At one time SeekingAlpha.com (SA) had a motto on their home page that said something like "Where investors share ideas".  

They published almost anything and let investors / readers decide how good it was.  The site was edgy and fun.  All articles were available for free. Some really bad ideas and writers were exposed.  Some really good ideas and writers emerged. 

Overtime, SA has become more popular.  They charge hundreds or thousands in subscription fees, and, on March 24, 2014 (the time of this writing), their home page says:  "Seeking Alpha predicted stock returns" and links to a Wall Street Journal article.  

Arguably, SA has succeeded by becoming a darling site of the mainstream.  

I certainly enjoy reading their articles, and one day might even subscribe etc.  It's become a tool.  I use different tools for different jobs.

Nonetheless, as an investor and writer, I feel I have lost a tool that was once fun and edgy.  I believe SA has lost their ability to show case articles on micro and small cap stocks.  This is important to me because often one might find hidden value in these stocks, before they are followed by the big boys on Wall Street, etc.  Once stock articles are highlighted in the Wall Street Journal, it's hard to say that you've found a hidden gem.

As a writer and researcher of hidden gems, I feel SA has discouraged me from contributing in this area of the market.

One issue, particular to me, but possibly affecting others who might otherwise be intimidated by some crazy small cap CEO, is that I value the anonymous exchange of ideas.  I am trying to let my ideas speak for themselves - not who I am or what degrees, licenses, websites, etc that I own (even though I own of all these).  

I, also, on a more personal level have experienced an incident of gang-stalking.  


Long story short, but this can happen if you speak truth to power.  If I'm writing for or against a stock or company, it is inevitable that I will sometimes run into some bad and powerful people.  It helps everyone if we let ideas stand on their own, rather than hating the messenger.  So, if you don't like something I say, use facts, logic, and reasoning to disarm it.  

A second issue is one of class and moderation.  I do not want to write on unmoderated yahoo.com, or similar boards because then often things devolve into very simplistic "I'm right, you're wrong" arguments and name calling.  To it's credit, SA generally rises above this.  For this reason, from time to time I may post on SA.

A third issue is that I do not want to be told that I have to jump through a lot of hoops to be allowed to post an article on a trading idea.  Nowadays, SA requires writers to have a profile that features an independent blog.  Okay.  But then when I posted a link to my blog on blogmask.com, my link was not approved and a strong hint was made that I should open up a blog on Twitter or Stocktwits.  Please don't tell me where I can or can't set up my blog.  Even if I set up my blog on a mainstream site, that doesn't mean the ideas are good.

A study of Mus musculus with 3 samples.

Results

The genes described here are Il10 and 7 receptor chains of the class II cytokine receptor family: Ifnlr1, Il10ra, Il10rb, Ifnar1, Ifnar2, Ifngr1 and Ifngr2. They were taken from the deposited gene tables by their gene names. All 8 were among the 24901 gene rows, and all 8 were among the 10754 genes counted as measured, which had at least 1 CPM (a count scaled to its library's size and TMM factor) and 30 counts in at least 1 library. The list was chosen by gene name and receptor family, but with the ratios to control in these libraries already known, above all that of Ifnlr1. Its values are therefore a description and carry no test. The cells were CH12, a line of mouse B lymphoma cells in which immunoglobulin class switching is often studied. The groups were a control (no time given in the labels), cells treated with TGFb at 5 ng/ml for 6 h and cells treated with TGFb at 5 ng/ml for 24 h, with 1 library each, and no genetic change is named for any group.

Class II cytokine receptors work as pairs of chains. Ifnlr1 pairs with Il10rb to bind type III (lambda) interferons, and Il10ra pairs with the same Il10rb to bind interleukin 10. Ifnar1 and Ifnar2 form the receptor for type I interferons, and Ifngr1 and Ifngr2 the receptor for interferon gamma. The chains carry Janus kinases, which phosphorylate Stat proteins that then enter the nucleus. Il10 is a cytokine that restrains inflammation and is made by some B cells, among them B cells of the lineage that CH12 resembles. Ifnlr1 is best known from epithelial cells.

A fourth issue is that I think it is unfair and unrealistic for writers / investors in smallcaps to be required or expected to hold positions for 72 hours or longer.  Although I was willing to make such a promise for a time on Netlist (which someone I know made over 50% gain on after I mentioned it to them), I cannot promise that I can do that on every stock I might enter or wish to write about.  In 3 trading days, a small cap investor could triple and then lose almost their entire investment in a position.  Expecting one to not change position over the course of such volatility is unrealistic and unfair. Readers need to take some risks for themselves, or not read or invest in such volatile positions.

Another issue is that SA asks article writers to swear that they are not posting to move the market.  Or wording like that.  Especially if a writer has or is about to take a position in a stock, how can they truly say they are not, at least a little bit, hoping that their article will move the market?  And if they don't take a financial stake in the stock, how strongly do they really feel about what they have written?  The assumption that staff and policies at SA can measure whether a contributor wants to "move the market" comes off as a bit too paternalistic or hypocritical to me.  On the one hand, don't move the market, on the otherhand, SA now brags that the WSJ has said it's articles "predict" the market.  Or do they move the market?  Or, in reality, isn't a bit of both?  Are contributors and consumers too stupid to be told reality?  In reality, whether it is your or my intent, articles may both predict and move the market.      
For these and perhaps other reasons, I currently feel no desire to donate my talent to the SeekingAlpha.com machine, and I feel they are just as happy to focus on a different type of writing (and audience) than I can happily provide at this time.  

I know I take risks.  I know I make mistakes.  If I am to one day have my own website and my own stash of bitcoins, I need to earn money more quickly. I do not recommend anyone attempt to make money as quickly, or with as much risk as I might take.  Articles may predict and move the market, or not. Future articles may be more brief because I am more of an investor than a writer.  Read and invest at your own risk.